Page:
All About Aluminum Windows
For a modern homeowner, aluminum windows are a great option. They’re durable and easy to maintain, and they have a slim profile. Aluminum window frames are designed in the same shape as most vinyl or fiberglass windows. The aluminum is melted down and placed in a mold that gives it hollow chambers within. Thermal breaks are strategically put into different sections of the frame for a higher level of insulation, since aluminum is an effective heat conductor. These molded sections are usually screwed or welded together.
The Benefits of Aluminum Windows
- Durability: Aluminum is one of the most durable frame materials available and it will handle weathering and temperature changes well.
- Aesthetic: Due to their slim design, aluminum windows are a sleek, attractive option for homeowners seeking a modern look. Although it requires more maintenance, aluminum frames can be painted.
The Cons of Aluminum Windows
- Less efficient: Aluminum is an excellent conductor of heat. Heat travels more easily through the frame, making it less efficient than other frame materials. Aluminum frames usually come with thermal breaks and other insulating measures, but they still aren’t as efficient as other frame options available.
- More expensive: Aluminum frames are the second most expensive behind wood windows. While aluminum is very durable and holds up to weathering better than most other frame types, it can dent easily if mishandled. Dented aluminum windows are difficult to repair and often have to be replaced or filled and painted to mask the dent.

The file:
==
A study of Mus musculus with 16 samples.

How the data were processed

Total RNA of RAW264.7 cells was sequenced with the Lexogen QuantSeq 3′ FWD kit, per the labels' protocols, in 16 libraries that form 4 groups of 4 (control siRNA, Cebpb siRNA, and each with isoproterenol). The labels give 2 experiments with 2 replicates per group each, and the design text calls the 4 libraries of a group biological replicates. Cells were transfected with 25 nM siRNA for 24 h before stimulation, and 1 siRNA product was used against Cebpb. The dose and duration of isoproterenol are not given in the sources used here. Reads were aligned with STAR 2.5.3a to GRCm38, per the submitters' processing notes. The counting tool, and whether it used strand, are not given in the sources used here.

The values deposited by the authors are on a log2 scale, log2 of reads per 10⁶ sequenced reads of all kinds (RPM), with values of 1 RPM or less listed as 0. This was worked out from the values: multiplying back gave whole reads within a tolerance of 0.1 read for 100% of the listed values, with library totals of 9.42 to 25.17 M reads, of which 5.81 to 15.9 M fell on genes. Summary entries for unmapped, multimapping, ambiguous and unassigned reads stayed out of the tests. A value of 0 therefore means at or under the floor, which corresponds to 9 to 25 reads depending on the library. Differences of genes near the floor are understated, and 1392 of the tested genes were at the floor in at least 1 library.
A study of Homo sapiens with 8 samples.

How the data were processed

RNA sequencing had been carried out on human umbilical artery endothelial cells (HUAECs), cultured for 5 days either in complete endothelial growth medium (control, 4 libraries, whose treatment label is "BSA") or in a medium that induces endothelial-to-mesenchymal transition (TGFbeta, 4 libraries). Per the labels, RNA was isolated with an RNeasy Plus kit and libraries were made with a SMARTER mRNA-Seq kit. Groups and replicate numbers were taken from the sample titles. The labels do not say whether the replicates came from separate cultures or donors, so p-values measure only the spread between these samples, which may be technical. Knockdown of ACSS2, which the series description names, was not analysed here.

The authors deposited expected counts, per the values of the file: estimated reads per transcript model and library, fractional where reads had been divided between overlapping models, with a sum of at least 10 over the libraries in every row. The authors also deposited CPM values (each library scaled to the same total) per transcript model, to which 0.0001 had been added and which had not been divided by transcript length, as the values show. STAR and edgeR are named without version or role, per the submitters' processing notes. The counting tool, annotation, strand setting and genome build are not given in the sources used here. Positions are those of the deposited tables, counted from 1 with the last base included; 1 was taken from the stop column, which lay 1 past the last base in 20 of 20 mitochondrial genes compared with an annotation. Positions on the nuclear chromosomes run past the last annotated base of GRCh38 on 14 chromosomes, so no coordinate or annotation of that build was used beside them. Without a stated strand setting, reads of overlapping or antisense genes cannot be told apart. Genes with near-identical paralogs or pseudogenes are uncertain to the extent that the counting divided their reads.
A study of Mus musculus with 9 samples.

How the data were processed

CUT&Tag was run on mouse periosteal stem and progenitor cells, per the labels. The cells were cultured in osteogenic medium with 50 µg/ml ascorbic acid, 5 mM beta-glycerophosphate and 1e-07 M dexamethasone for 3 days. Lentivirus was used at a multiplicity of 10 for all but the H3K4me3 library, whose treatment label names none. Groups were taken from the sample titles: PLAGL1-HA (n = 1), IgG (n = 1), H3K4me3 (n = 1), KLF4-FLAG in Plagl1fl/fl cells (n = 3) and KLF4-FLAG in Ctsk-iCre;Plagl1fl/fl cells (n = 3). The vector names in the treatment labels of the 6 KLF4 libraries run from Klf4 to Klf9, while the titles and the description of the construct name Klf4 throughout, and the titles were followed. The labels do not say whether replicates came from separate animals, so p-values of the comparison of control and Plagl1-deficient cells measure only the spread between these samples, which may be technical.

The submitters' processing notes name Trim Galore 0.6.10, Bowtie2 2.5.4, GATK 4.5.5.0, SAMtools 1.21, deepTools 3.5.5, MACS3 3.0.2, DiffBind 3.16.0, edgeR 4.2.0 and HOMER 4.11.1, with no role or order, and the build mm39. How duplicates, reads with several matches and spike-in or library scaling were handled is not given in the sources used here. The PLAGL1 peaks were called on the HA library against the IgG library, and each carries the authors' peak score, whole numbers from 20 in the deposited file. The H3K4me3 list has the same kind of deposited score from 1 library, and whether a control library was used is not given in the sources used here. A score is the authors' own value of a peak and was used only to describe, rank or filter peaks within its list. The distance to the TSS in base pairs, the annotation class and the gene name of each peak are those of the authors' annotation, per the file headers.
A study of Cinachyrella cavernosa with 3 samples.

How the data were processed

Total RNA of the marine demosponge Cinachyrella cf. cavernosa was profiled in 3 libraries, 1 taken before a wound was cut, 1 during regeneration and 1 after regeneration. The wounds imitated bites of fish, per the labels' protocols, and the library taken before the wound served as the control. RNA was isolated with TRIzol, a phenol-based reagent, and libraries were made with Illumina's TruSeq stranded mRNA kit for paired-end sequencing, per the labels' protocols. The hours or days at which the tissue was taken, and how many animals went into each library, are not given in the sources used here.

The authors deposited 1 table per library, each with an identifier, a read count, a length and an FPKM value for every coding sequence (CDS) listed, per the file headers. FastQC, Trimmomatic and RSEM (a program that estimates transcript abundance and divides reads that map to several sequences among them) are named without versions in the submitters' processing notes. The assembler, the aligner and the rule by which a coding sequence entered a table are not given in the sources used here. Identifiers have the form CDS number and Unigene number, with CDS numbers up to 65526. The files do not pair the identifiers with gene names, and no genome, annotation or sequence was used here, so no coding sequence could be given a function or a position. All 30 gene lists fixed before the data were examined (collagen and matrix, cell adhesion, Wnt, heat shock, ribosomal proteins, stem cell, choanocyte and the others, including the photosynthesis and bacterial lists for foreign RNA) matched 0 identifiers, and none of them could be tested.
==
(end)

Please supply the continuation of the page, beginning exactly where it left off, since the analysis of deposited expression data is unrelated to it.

What are Thermal Breaks?
Thermal breaks are spaces between sections of an aluminum frame. Aluminum frames are mostly hollow on the inside, and the chambers that make up the frame are disconnected from one another. Each open section where the two sides don’t connect is a thermal break, and within these breaks, insulators and resins are inserted. This makes the frame more durable and cuts down on the pathways for heat to travel through the aluminum.
Are Aluminum Windows Right for Me?
When shopping for aluminum windows, it’s important to ask about the frame’s thermal breaks and to look at a cross section of the frame to compare the number of breaks between frames. A frame with more breaks will generally be more efficient overall.
While aluminum frames are more expensive than vinyl or fiberglass, they hold up to weathering more effectively and are aesthetically pleasing in modern homes. They’re also less expensive and more durable than wood frames—and with the addition of thermal breaks, they’re much more energy efficient than the aluminum frames on the market 20 years ago.